Friday 23 January 2009

Our countryside commentator John Sheard, a keen allotment holder, offers some cold comfort for guilt-ridden gardeners whose plants don’t grow: your seeds might have been dead on the day you bought them

THIS is the month when my favourite package of the year arrives in the post. Not one that has missed Christmas by a few weeks, or even my birthday by just a few days, but one which celebrates the coming spring rather than the dull, dark days of winter.

My new seeds are here, ordered in early December from on of the country’s best known seed merchants down on the warm South Coast, and I open my stout cardboard box, crammed with seed packets as colourful as a stately home flower garden, with all the anticipation of a child burrowing into his Christmas stocking.

A dead liberty: sowing useless seeds
A dead liberty: sowing useless seeds

Then I look at the prices on the packets and wince. I grow only veg – my wife does the flowers and shrubs – and the price of top grade vegetable seeds have soared in the past few years: for the first time the World War 11 gardeners are spending more on veg than on flowers.

This is a reflection of the soaring cost of food in the supermarkets, the growing suspicion of some of the nasty chemicals that may or may not have been used, particularly on imported foreign fruit and veg, and the endless number of gardening and cookery shows on the telly.

Gardening is very much the “in” thing and thousands – possibly millions – of people once content with a simple lawn and the odd rose bush are taking it up with a passion. But, I am sad to report, thousands of these new enthusiasts are due for bitter disappointment this spring and summer because their plants won’t grow.

And the reason for this is a damn disgrace: the seeds they are about to lovingly sow in the next few weeks are already dead. They were dead before they even left the shop. But never in my gardening career spanning some 40 years have I ever heard of a prosecution against people selling patently useless goods which, surely, must be against the Trades Description acts.

I have suffered personally from this con trick. I started my veg gardening in a village high in the Lancashire Pennines, a long way from shops or garden centres, so began ordering my seeds via the post from a famous nursery.

And despite being 600 feet up on very acid soil, my veg patch thrived. Then we moved to the Yorkshire Dales and there was a positive plethora of shops, supermarkets, DIY stores and even Woolworth’s selling seeds. What’s more, they were a good deal cheaper than my regular supplier so I stopped my yearly order and began to pick up a packet here, a packet there, as I went about my everyday shopping.

What a disaster. For several years, my crops failed. At first, I blamed my new soil, then the weather, then – finally – myself: my green fingers had turned black. I had lost the knack and this dispiriting discovery came just as I have thrashed into shape (or so I thought) a long abandoned allotment which had been little more than a bramble patch: Brer Rabbit would have loved it!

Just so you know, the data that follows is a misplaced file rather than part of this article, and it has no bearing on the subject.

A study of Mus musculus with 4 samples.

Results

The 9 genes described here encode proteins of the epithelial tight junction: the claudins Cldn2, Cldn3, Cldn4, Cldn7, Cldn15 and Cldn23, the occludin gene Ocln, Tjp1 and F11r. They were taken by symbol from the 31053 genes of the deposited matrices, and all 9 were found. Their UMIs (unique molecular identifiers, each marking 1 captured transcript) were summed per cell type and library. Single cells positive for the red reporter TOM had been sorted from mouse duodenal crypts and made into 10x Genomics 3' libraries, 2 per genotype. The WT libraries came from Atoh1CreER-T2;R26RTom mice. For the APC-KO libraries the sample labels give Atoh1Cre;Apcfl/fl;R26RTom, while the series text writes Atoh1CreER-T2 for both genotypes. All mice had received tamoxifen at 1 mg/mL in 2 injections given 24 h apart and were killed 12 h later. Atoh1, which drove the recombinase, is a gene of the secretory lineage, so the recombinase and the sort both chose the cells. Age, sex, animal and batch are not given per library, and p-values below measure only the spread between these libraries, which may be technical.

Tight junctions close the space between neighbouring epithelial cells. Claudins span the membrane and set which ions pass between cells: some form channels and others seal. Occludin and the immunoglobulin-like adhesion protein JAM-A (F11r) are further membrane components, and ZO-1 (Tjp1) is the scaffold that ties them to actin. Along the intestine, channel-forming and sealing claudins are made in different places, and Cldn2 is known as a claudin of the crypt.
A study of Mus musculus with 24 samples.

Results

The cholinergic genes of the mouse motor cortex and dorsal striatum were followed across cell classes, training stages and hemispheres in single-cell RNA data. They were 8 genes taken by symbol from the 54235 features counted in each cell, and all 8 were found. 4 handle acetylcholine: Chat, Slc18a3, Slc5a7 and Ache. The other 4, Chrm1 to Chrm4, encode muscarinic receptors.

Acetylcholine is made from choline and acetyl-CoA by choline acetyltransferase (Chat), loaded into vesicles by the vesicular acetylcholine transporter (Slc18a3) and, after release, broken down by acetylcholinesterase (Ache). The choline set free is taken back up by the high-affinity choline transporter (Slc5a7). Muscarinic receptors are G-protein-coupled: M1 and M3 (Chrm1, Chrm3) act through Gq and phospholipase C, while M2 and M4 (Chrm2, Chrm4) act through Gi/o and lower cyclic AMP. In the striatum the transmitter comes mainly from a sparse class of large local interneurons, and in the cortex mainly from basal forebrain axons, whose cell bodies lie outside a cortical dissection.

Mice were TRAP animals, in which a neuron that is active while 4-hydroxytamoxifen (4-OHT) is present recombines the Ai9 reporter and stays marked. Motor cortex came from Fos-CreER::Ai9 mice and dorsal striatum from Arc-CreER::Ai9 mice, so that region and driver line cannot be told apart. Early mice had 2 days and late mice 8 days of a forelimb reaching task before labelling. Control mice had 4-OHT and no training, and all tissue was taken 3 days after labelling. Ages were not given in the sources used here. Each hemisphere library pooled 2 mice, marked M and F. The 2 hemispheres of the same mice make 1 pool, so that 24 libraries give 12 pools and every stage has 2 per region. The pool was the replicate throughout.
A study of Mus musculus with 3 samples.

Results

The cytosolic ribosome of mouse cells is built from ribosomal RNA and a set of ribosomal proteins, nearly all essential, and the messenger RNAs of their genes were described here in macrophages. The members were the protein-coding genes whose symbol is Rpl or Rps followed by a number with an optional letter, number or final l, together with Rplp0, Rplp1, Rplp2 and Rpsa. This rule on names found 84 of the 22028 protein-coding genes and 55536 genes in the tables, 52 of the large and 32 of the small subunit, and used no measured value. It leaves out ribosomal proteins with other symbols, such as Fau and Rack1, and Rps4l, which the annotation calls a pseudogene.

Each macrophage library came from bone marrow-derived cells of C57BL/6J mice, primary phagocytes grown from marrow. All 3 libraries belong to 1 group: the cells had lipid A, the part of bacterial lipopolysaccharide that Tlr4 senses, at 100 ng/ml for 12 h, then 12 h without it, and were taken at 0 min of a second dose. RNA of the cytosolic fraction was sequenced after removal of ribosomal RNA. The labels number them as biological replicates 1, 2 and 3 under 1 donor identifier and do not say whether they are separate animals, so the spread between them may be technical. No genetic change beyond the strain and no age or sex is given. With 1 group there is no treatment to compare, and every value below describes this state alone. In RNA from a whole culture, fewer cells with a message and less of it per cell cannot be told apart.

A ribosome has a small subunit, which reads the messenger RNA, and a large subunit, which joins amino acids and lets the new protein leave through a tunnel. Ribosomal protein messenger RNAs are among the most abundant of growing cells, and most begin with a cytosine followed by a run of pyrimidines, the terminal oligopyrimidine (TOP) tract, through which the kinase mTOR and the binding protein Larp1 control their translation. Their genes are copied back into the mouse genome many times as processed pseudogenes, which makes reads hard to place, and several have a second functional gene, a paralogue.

from my own experience, there are some simple rules which might help. For a start, don’t buy seeds from shops or supermarkets which are not specialist suppliers to gardeners.

Then, two years ago, Gardening Which? Magazine published the results of one of its detailed investigations which made the hair on my head stand up: they had tested hundreds of packets of seeds and found that every single one contained dead seeds. In the best, just 4% were dead but in the worst that figure ran to a disgraceful 99%.

I immediately renewed my order with my long term supplier from the South Coast and my crops resumed their former abundance: not, admittedly, up to show winning class but more than enough to keep five hungry mouths fed all summer with enough left over to give away.

Now there is obviously a problem here for new gardeners because, without scientific knowledge and equipment available to Gardening Which? the only way to discover if your seeds are dead or alive is to germinate them – and by the time you know they were dead it is often too late.

But, from my own experience, there are some simple rules which might help. For a start, don’t buy seeds from shops or supermarkets which are not specialist suppliers to gardeners. I am not suggesting these establishments deliberately sell dead seed but I doubt if their staff have the training or the knowledge to keep seeds properly.

These are, after all, living entities even if they are sold in a dormant stage. They are affected by such influences as temperature changes and humidity and, in at least one large store I know, they are moved in an out from almost overpowering heat into cold storage several times a year, depending on the gardening calendar.

Just how long they have been in the packet or how they were stored and treated before they were actually packaged is almost impossible to ascertain. Some seeds, like brassicas, will keep for several years whilst others, like parsnips, die very quickly, the sort of knowledge common only to the most experienced horticulturists.

So my advice is to shop by mail order from one of a handful of famous nurserymen or go to a specialist garden centre close to home, one you can use regularly. These people rely on their good name to stay in business and have the staff trained to look after seeds properly. You will pay more – but quality has always come at a price!